Both the Crested Butte Avalanche Center (CBAC) and the Utah Avalanche Center (UAC) warn of warming during the day that could cause wet slides. In Crested Butte, a wet slide was recorded in the Paradise Divide area on January 17. The CBAC also warns of lurking slab slide potential, and cautions that even though much terrain has been given a low danger designation, backcountry travelers must not let their guard down.
“Persistent slab structures capable of producing large slab avalanches still exist on shadier aspects, but these have trended towards very stubborn to unreactive during our past 2 weeks of mild and dry weather,” explains the CBAC.
In the Ogden and Logan regions of the Wasatch Mountains, there has been a rain-on-snow event that is creating certain pockets of considerable avalanche danger.
“Dangerous avalanche conditions exist today on rain saturated slopes at lower and mid elevations, and people should continue to stay off of and out from under steep slopes with soft and saturated snow,” says the UAC.
Aside from the possibility of wet-slab avalanches, there is also a concern in the Wastach region for slides on wind-loaded slopes near and above treeline in most places and in some, below treeline.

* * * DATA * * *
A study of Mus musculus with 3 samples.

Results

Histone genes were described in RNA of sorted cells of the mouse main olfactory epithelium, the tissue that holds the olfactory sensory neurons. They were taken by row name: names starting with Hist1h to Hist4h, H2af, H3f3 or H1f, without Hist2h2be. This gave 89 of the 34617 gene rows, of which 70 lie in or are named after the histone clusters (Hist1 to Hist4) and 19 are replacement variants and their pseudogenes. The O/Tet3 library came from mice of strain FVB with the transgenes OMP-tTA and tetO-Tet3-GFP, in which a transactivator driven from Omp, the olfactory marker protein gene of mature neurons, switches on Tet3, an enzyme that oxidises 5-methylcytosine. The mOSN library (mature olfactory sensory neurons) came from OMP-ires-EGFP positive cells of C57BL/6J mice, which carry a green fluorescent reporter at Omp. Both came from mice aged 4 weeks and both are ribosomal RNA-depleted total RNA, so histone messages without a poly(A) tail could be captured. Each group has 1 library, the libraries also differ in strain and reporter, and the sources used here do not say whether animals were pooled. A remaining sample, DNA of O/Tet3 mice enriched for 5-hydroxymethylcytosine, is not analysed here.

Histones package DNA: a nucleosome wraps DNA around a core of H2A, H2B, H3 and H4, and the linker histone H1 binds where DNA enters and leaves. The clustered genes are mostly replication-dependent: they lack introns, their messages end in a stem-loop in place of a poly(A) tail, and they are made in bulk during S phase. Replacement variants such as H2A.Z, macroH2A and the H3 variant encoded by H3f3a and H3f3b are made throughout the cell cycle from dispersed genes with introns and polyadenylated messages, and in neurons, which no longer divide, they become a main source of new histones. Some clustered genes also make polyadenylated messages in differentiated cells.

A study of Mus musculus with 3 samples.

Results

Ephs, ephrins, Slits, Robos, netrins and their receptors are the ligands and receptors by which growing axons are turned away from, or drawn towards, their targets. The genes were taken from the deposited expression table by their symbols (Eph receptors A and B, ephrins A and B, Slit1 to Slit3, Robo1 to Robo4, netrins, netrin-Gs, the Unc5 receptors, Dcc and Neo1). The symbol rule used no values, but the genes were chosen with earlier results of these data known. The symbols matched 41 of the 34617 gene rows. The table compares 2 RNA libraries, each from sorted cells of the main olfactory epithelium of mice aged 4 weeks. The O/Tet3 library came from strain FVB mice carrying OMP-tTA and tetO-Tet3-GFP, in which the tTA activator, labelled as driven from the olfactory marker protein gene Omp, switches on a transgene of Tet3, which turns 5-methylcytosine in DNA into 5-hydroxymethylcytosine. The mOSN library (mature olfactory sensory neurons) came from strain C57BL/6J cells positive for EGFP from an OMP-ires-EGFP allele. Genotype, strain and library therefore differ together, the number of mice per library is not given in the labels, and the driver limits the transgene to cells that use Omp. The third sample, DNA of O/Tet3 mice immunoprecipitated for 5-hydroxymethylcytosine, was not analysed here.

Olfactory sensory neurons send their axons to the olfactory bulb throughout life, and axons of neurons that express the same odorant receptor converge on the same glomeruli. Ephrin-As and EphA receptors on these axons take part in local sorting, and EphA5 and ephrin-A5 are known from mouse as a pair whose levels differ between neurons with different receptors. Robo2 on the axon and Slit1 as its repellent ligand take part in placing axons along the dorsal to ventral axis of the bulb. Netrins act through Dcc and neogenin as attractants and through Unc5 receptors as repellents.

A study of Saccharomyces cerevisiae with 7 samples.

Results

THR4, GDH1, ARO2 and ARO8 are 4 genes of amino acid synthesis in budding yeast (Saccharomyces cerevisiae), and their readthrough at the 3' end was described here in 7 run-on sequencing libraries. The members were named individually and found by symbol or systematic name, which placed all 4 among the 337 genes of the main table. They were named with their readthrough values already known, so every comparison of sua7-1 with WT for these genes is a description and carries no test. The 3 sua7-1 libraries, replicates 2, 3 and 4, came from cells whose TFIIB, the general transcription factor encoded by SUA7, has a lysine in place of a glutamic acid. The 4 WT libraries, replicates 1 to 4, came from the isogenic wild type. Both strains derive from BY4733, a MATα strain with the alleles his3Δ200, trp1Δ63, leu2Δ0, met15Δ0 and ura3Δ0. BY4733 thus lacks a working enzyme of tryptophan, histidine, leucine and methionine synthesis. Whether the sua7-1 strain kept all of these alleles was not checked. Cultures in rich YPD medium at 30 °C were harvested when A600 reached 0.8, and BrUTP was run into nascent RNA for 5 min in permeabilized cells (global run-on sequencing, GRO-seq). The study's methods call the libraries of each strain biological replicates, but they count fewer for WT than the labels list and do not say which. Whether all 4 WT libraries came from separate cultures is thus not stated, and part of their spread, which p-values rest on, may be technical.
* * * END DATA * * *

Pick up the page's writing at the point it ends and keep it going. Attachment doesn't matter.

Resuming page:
The Northwest Avalanche Center (NWAC) reports that there is a possibility of wet slides, but that a new storm slab that will be building mid-week has the potential to move to the forefront of avalanche hazard concern.
“The avalanche danger should increase rapidly Thursday afternoon and evening due to building wind and storm slab,” says the NWAC. “A cooling trend Wednesday night and Thursday should limit the loose wet problem to below treeline but wet snow hazards will continue.”
The Gallatin National Forest Avalanche Center is a hold out for older avalanche issues that have been plaguing the snowpack all season. Windslab, buried surface hoar and that pesky layer of depth hoar remain an issue in these regions. Rain has reached lower elevations in the Bridger areas as well, however, and so a concern for wet slides does exist in certain areas under the Gallatin National Forest Avalanche Cenenter’s forecasting purview.
The bottom line is that this overview of forecasts from around the western United States shows a regionalism in avalanche issues. This means that to be informed about backcountry travel, make sure you know the season’s avalanche history of the area you wish to explore and stay up on daily forecasts from your local avalanche center before heading out into the backcountry.
For a full report on U.S. avalanches, visit the Colorado Avalanche Information Center website and your regional avalanche forecasting service.